The World Bank-funded ‘AICCRA-Ghana’ project, a climate-smart agriculture program to enhance Ghana’s resilience in agriculture and food systems in the face of climate change, has been launched in Accra.
The Accelerating Impact of CGIAR Climate Research for Africa-Ghana Cluster (ACCRA), is implemented by a consortium of organizations and research institutions, led by the International Institute of Tropical Agriculture (IITA).
It would focus on bridging the gap between research institutes that produce improved technologies and the development organizations that promote the adoption of the improved technologies.
The project is the initiative of organizations including the Centre for Agriculture Biosciences International (CABI), the Council for Scientific and Industrial Research (CSIR) Crop Research Institute, Esoko, and the International Water Management Institute.
Others are the Norwegian Institute of Bioeconomy Research, Ministry of Food and Agriculture, World Agroforestry, the Ghana Meteorological Agency, and the Agriculture Department of the University of Development Studies in the Northern Region.
Professor Victor Kwame Agyeman, the Director-General of CSIR, who launched the project said it was very important that such a partnership had been formed to transform farming, and agriculture production in general, which were being inhibited by climate change.
The project, launched at the beginning of a three-day technical workshop on Tuesday, is expected to ultimately improve the livelihoods of farmers.
The three-day workshop was aimed at forging relevant partnerships and articulating shared visions, outcomes, and inputs for the successful implementation of the AICCRA project.
Dr. Victor Clottey, the Country Representative of CABI, said the three-year project would focus on commodities like maize, cowpea, yam, sweet potato, and tomato technologies.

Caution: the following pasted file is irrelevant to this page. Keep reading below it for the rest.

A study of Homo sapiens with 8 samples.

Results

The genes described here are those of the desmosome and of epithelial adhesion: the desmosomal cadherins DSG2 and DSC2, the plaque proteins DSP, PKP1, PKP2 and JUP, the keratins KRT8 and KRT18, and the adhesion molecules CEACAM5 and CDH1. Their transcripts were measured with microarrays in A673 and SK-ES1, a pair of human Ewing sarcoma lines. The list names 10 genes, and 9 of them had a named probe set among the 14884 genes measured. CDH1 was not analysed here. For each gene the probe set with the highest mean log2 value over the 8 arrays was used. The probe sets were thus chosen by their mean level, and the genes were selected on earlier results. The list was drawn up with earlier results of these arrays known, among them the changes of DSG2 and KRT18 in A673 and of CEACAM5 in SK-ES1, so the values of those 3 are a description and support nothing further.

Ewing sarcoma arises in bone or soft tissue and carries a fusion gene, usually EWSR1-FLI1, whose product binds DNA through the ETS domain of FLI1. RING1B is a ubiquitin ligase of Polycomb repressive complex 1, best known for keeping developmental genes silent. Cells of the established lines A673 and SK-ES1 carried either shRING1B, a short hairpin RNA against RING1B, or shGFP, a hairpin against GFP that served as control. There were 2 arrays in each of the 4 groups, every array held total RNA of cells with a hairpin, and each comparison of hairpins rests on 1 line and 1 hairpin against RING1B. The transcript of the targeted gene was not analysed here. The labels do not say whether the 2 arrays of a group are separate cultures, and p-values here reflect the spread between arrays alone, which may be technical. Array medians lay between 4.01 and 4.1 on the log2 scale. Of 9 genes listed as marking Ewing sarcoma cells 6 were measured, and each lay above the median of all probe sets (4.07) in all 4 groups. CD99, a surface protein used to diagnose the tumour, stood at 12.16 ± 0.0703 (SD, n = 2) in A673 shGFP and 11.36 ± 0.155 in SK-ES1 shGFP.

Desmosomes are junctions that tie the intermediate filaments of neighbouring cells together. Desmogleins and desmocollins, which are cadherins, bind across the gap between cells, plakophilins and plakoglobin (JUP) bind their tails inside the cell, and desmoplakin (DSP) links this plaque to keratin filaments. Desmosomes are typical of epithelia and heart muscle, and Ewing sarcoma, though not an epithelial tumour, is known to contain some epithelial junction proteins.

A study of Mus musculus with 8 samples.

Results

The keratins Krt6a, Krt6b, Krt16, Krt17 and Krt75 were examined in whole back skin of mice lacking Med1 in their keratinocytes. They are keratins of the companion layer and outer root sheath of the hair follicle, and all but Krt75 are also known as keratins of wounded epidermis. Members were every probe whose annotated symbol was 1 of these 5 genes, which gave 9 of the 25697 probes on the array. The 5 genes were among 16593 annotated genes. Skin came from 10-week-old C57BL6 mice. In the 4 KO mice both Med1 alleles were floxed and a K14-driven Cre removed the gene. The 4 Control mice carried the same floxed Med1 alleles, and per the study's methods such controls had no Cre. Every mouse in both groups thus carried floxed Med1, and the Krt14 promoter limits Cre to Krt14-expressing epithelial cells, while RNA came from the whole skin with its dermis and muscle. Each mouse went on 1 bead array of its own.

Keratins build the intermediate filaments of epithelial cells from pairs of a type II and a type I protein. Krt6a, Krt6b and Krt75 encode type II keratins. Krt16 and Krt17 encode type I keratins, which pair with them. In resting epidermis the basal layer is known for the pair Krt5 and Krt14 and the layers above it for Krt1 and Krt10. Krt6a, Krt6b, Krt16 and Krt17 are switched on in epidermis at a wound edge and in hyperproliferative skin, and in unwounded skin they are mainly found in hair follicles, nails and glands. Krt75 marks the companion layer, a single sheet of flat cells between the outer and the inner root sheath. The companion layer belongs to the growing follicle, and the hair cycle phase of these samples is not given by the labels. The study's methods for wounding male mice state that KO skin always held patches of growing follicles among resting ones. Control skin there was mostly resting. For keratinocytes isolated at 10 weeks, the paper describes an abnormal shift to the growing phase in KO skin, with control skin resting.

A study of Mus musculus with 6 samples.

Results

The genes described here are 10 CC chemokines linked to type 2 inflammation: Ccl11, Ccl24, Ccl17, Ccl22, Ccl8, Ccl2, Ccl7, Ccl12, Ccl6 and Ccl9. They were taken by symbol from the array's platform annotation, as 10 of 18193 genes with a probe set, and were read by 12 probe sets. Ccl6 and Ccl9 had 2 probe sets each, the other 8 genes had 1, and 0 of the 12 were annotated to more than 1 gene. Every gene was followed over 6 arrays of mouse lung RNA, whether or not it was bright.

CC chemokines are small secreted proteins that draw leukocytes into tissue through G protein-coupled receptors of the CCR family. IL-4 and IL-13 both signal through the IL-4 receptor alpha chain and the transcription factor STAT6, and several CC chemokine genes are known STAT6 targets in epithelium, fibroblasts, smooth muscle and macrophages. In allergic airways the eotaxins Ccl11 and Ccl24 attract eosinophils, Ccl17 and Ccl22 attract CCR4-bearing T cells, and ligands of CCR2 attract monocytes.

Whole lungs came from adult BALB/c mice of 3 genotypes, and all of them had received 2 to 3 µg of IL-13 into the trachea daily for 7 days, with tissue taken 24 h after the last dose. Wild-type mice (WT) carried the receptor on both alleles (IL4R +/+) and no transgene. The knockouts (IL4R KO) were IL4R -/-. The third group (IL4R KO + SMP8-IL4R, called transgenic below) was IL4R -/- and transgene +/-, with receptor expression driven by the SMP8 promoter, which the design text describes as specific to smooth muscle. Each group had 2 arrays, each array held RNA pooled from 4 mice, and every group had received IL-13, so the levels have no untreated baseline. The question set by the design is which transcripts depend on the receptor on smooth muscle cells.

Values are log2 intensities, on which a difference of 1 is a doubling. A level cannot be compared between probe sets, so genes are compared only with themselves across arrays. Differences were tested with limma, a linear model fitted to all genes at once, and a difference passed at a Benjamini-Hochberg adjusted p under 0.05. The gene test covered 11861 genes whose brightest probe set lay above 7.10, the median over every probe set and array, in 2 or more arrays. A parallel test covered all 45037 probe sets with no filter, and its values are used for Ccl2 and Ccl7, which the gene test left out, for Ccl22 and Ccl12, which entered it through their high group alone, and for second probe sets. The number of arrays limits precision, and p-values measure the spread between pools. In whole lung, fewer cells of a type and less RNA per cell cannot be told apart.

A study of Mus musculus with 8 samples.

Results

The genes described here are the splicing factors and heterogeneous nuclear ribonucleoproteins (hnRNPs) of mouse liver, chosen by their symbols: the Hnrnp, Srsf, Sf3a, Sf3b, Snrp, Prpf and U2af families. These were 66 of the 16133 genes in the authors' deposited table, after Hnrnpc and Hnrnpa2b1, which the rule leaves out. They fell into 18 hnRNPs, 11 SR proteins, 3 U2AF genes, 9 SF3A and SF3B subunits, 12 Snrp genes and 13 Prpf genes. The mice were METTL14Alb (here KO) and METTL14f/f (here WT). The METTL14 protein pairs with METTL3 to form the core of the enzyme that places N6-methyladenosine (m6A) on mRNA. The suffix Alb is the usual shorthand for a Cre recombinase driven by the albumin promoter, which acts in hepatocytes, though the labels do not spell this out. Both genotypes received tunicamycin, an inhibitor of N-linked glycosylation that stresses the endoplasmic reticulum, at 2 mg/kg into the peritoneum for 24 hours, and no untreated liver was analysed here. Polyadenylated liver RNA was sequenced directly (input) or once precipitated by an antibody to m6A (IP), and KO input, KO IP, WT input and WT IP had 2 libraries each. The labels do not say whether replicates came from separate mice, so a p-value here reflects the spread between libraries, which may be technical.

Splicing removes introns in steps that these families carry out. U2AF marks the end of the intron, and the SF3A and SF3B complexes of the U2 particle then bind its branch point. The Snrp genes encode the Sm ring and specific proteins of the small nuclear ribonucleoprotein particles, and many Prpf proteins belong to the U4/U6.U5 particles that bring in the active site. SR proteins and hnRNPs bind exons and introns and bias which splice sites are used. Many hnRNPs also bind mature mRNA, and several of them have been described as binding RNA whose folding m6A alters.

He said stakeholders including farmers, researchers, extension agents, and service providers in eight operational regions would be engaged in capacity building and knowledge sharing in agricultural technological packages.
The eight regions are Bono East, Central, Northern, North East, Oti, Savanna, Upper East, and Upper West.
“This engagement-in the regions and around these commodities is for the existing expertise to mutually work to strengthen the technical, institutional and human capacity needed in the coming years to move developed Climate Smart Agricultural technologies and practices off the shelves into practice and achieve impact on agricultural production and environmental sustainability in the country,” he said.
Dr. Clottey said the knowledge, technologies, and decision-making tools promoted under AICCRA-Ghana would be of value to productive agents like farmers, especially youth and women, local Biopesticides producers, and agro-input dealers, and civil society organizations that play critical roles in delivering improved technologies.
Dr. Richard Asare, the IITA Ghana Country Representative, said a “One Health” platform would be launched under the AICCRA-Ghana Project to share expertise on climate-driven pests and diseases, and strengthening the technical, institutional, and human capacity needed to implement the CGIAR innovations.
He explained that the One Health was an integrated, collaborative, multi-sectoral, and trans-discipline systems thinking approach-working at the local, national, regional, and global levels, with the goal of achieving optimal health outcomes, recognizing the interconnection between people, animals, plants, and their shared environment.
The entire project is structured around three main components; knowledge generation and sharing for effective climate-informed services, strengthening public-private partnerships for delivery, and supporting the uptake of climate-smart agriculture innovations through piloting.
It would provide gender-and one health-smartness assessments of Climate-Smart Agriculture options for accelerated uptake of innovations, among other activities, Dr. Asare stated.